I recently returned from a great relaxing weekend up north. I am on the board of directors for a music festival and we retreat up to our festival grounds, a great place in northern Saskatchewan called Ness Creek. I get a huge kick out of some of the American bands who come up to our festival and call it The Woods. "Y'all spend much time up here in The Woods?" As if they are expecting a real live lumberjack to come ambling out of the bushes at any given moment. One of them asked if we had a pistol he could carry in case he encountered a bear down at the creek. "Umm...ya, check your welcoming package...one pistol per musician."
Anyway, we were invited to go into town to support the local minor sports association, who were holding a Ladies Night. Yikes. This qualified as a Social Event, which was sure to be full of
Acquaintances. If you are unaware of my social awkwardness, you should
read this post first. We did go, but only stayed for the dinner, which was great. The ladies came out in great numbers to show their support.
My experience with Ladies Nights are varied, but mostly bad. High heels, high voices and high blood alcohol levels.
I'm kind of a different cat. When people say, "Let's Party!", I hear "Let's go spend the evening in a dark, noisy room sitting on hard plastic chairs and shouting at one another in order to be heard above the driving music." Killjoy much?
I have too many strikes against me when it comes to partying:
Strike One: I'm not much of a drinker. I still have vivid memories of my college days, holding my head and muttering, "LordhelpmeJesus" over and over again. I also have no patience for drunks. Their breath is intolerable and they are spitty talkers.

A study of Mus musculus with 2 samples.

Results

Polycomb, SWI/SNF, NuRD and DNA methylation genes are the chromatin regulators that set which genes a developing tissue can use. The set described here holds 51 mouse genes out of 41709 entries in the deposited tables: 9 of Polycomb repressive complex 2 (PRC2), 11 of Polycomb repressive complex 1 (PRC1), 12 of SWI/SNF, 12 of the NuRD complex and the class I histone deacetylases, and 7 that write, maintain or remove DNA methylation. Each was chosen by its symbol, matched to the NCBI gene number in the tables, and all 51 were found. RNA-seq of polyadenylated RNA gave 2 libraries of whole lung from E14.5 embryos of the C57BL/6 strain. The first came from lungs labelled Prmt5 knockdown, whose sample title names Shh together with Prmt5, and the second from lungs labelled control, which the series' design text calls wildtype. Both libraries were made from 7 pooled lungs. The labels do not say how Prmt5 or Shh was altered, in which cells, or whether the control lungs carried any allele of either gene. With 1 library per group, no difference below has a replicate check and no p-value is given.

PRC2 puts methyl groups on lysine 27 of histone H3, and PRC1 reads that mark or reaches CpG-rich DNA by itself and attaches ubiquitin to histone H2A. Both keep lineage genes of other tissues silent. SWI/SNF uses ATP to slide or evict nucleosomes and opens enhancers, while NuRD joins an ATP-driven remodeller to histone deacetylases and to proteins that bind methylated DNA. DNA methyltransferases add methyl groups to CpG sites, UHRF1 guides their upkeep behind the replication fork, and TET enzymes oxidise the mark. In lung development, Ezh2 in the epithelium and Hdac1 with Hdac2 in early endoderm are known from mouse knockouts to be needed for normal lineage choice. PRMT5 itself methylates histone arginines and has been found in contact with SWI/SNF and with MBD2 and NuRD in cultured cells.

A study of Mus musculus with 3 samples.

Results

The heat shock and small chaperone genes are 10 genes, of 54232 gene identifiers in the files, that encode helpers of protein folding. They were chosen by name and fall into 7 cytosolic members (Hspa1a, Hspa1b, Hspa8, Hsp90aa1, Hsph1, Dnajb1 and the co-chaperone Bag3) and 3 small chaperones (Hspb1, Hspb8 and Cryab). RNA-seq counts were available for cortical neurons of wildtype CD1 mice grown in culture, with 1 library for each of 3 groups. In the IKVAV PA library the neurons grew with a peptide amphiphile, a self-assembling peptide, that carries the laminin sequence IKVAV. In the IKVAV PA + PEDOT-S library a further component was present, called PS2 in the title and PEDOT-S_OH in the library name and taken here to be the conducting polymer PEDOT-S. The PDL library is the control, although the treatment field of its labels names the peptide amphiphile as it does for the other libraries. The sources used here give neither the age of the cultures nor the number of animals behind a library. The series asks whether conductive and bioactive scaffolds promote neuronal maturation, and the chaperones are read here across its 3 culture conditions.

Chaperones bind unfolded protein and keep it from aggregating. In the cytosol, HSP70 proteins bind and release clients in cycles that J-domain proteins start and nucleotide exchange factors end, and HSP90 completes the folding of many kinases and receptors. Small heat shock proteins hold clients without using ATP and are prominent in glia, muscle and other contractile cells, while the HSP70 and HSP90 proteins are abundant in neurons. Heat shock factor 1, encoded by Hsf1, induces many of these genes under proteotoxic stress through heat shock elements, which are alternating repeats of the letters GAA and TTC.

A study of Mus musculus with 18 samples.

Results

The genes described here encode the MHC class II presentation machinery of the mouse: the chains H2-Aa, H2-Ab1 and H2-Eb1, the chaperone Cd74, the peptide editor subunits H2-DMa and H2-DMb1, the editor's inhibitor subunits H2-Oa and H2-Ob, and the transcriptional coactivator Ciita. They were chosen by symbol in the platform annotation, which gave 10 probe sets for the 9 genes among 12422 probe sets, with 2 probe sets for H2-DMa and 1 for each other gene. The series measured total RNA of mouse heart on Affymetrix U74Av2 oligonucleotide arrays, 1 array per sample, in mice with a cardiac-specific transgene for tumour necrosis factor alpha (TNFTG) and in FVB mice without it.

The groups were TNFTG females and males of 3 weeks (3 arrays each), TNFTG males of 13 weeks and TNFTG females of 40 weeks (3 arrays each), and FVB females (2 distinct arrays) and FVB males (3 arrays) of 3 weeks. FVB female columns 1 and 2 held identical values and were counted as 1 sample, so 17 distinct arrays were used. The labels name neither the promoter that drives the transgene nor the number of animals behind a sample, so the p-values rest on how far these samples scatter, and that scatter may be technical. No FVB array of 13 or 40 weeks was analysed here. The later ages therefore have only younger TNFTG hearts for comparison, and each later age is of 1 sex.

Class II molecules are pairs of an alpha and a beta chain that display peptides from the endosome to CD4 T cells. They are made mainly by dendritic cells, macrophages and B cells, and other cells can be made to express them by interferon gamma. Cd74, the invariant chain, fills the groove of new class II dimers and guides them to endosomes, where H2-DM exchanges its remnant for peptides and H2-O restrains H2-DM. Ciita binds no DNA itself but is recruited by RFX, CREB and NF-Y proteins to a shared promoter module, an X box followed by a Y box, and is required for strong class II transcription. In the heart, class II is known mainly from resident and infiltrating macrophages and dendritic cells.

Strike Two: I hail from a family of klutzes, so tottering away from the buffet table in a pair of high heels, full plate in hand, is difficult enough. Being dizzy with drink would just create conditions ripe for a shit show, I'm afraid.
Strike Three: I am a terribly self-conscious dancer and while all the Other Women have no problem shaking their booty, I feel completely ridiculous on the dance floor. I fear people will judge my bizarre and erratic movements. I know you're supposed to dance like no one is watching but PEOPLE ARE WATCHING! I over-think it..."Would now be a good time to do the arms above my head thing that I've seen the cool people do?" Ugh, and it always comes down to that circle thing where people go in the centre and do their moves. I don't have a move. Even if I did have a move I wouldn't do it because I'd feel preposterous. I prefer a good two-step where there is no doubt about what your arms and legs are supposed to be doing.
I do love to have a good conversation, but in a party atmosphere, you just can't hear, so you either shout until you lose your voice or you have to stand uncomfortably close to someone in order to hear them. This violates my Personal Space Rule. Anyway, it becomes progressively more difficult to attempt a conversation and by the end of the evening, most go something like this:
Me (sober): "Hey, *Acquaintance* good to see you! How are you doing?"
Them (not sober): WOOOOOOO!!!!
Easy there, Party Pants.
At this point, you're probably thinking that you know clergy who are less boring than I am. Maybe so. Come to a party in my weird little world. We'll sit on overstuffed couches, wear sweatpants, eat lots of dip and have fabulous conversations. You can mix yourself a drink, and I might even play you a tune or two.
When we returned to the Cantina at Ness Creek, this is almost exactly what we did. I'll take that any day.